1. Sep 14, 2009 #1
    3 blocks are hanging on pulleys:

    O
    | \
    | \
    M3 \
    \
    O
    | \
    | \
    M1 M2

    o= pulleys


    the masses of 3 blocks are M1 = 12 kg, M2 = 18 kg, and M3 = 30 kg. The pulleys and strings are massless, there is no friction, and gravity points downward. The whole system is held fixed, then released at rest. What is the acceleration of the 30 kg block? Enter a positive answer if it goes up, a negative answer if it goes down, or 0 if the acceleration is zero.

    so pretty much the 30 kg mass is attatched to a pulley which is attached to another pulley which is held by the the 2 masses of 12 kg and 18 kg.

    As far as doing this problems I know that I need to use the formula:
    T-mg=ma

    and to figure out the acceleration of the M1 and M2 I used this:

    a= (m2 −m1)g/ (m1 + m2)

    which i then got a= 1.96 m/s^2
    which (plugging into the above equation using M1) i got tension to be 141.12 N
    Also noted by this equation:

    T= 2(M1M2)g / (m1 +m2)

    Now this is where i get stuck. I dont know where to go from there. I got the tension for the 2 pulleys and also the acceleration but how do I apply that to the next pulley which is attatched to M3 (30 kg) which will get my acceleration of block M3.
     
  2. jcsd
  3. Sep 14, 2009 #2
    Block M1 and M2 are the counter weights to M3 so they are not actually attached to block M3. My picture got screwed up.
     
  4. Sep 15, 2009 #3
    here is the picture
     


    Doc Al


    You'll definitely need this. (It's just Newton's 2nd law applied to the mass.)

    That assumes that the pulley is fixed, which is not the case here.

    Start by applying Newton's 2nd law to each mass.
     
  6. Sep 15, 2009 #5
    ok so here is what i get:

    T3= M3 (g+a3)

    T2= M2 (g+a2)
    T1= M1 (g+a2)

    T2= T1... so now what?

    I have 2 unknown accelerations (a3, a2) and 2 unknown tensions. But somehow T3 has to equal T2 and T1...i dont know.
     
  7. Sep 15, 2009 #6

    Doc Al


    You can't assume that M1 and M2 have the same acceleration. Do this: Assume M2 accelerates down with magnitude a with respect to the moving pulley. What then is M2's acceleration with respect to the floor, which is what counts for applying Newton's laws?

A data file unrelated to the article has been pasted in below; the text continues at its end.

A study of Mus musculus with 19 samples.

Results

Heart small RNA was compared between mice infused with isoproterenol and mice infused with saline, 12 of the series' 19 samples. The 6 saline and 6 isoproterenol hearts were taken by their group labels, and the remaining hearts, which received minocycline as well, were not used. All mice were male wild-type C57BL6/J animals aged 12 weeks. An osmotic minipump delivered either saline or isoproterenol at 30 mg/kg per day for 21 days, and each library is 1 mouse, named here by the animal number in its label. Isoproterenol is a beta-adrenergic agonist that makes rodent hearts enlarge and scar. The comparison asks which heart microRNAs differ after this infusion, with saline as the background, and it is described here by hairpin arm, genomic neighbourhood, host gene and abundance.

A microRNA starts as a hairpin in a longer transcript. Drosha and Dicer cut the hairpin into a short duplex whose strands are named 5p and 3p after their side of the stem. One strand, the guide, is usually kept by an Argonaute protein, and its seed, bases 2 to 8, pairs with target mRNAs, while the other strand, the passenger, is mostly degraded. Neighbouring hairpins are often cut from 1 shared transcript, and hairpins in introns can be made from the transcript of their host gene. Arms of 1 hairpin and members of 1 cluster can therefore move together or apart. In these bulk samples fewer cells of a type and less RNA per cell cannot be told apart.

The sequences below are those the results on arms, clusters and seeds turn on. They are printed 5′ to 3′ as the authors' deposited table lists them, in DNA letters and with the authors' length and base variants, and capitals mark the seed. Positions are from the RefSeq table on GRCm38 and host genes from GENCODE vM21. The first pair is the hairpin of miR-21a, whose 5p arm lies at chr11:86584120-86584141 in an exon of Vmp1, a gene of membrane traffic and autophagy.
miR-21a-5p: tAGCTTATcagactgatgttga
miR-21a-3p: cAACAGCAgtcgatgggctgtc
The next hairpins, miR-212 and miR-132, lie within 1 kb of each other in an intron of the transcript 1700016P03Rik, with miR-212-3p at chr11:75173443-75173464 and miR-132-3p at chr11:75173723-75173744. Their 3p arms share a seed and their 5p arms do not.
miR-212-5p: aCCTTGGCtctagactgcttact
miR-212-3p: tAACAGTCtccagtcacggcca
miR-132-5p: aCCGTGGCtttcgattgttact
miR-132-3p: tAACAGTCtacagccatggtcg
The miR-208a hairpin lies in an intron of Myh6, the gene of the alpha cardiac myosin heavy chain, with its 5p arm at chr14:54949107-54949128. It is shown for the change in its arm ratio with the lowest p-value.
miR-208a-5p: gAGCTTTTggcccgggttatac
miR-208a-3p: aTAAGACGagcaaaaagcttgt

Do the same for M1. (How do the motions of M1 and M2 relate?)

    It's true that T2 = T1. Good.

    To relate T3, T2, and T1, analyze the forces acting on the moving pulley.
     
  8. Sep 15, 2009 #7
    hey, sorry. I am a little bit confused with the 2nd part that you answered. I understand that the accelerations aren't the same (same tensions, different masses= different acceleration).

    I got lost with the accelerating with respect to the pulley and floor part.
     
  9. Sep 15, 2009 #8
    are you indicating that the acceleration from M1 and M2 has an affect on the acceleration of M3?

    such that if if M1 pulls down with a 4 m/s2 and M2 gets pulled up with 2 m/s2, that when M3 pulls the pulley containing M1 and M2, the acceleration M2 plays a role with the acceleration of M3?
     
  10. Sep 15, 2009 #9

    Doc Al


    It's tricky. You know that if M1 moves 1 m toward the pulley, then M2 must move 1 m away from the pulley. So their accelerations with respect to the pulley are equal but opposite. But the pulley is accelerating, so you need to add the two accelerations together to get the total acceleration of each mass. (I said with respect to the floor, which is an inertial frame, since Newton's laws only apply in inertial frames.)

    Definitely. They're all connected and affect one another.
     
  11. Sep 15, 2009 #10
    Ah! so your saying if the pulley is accelerating 1 m/s2 downwards and the M1 is lets say 4 m/s2 upward..its really just 3 m/s2.

    Vice versa, if M2 is accelerating downward lets say 5 m/s2 its really 6 m/s2 (because of the pulley)

    So its very much a vector problem.
    So how do I get the pulleys acceleration?
     
  12. Sep 15, 2009 #11
    would the pulleys acceleration be the acceleration of M3?
     
  13. Sep 15, 2009 #12

    Doc Al


    Right.
    You'll set up the equations and solve for it.

    Yes, but in the opposite direction.
     
  14. Sep 15, 2009 #13
    like i said i got the tension to be 141.12 N

    So acceleration for M1 (12)= 1.96N
    And accleration for M2 (18)= -1.96N

    M3 as said before is T-F=ma
    T=m(g-a).

    Now tension (using the forumla earlier) would it be T= 2(M3*(M1+M2))g / (m3 +m2+ m1)?

    or do I know apply M1= (T-F)a instead of adding the 2 masses together as shown above?

    so it would be T=2(M3* (T-F)a)g/ (M3+M1)
     
  15. Sep 15, 2009 #14

    Doc Al

     
  16. Sep 15, 2009 #15
    T= 2(M1*M2)g/(M1+M2)

    M1= 12
    M2= 18
     
  17. Sep 16, 2009 #16

    Doc Al

     
  18. Sep 16, 2009 #17
    i got this from my book. is it wrong?
     
  19. Sep 17, 2009 #18

    Doc Al


    If you understand how that formula was derived, apply the same principles to this problem and derive a new formula. It's almost always a better idea to start from the basic principles--Newton's 2nd law--and derive the correct formula yourself.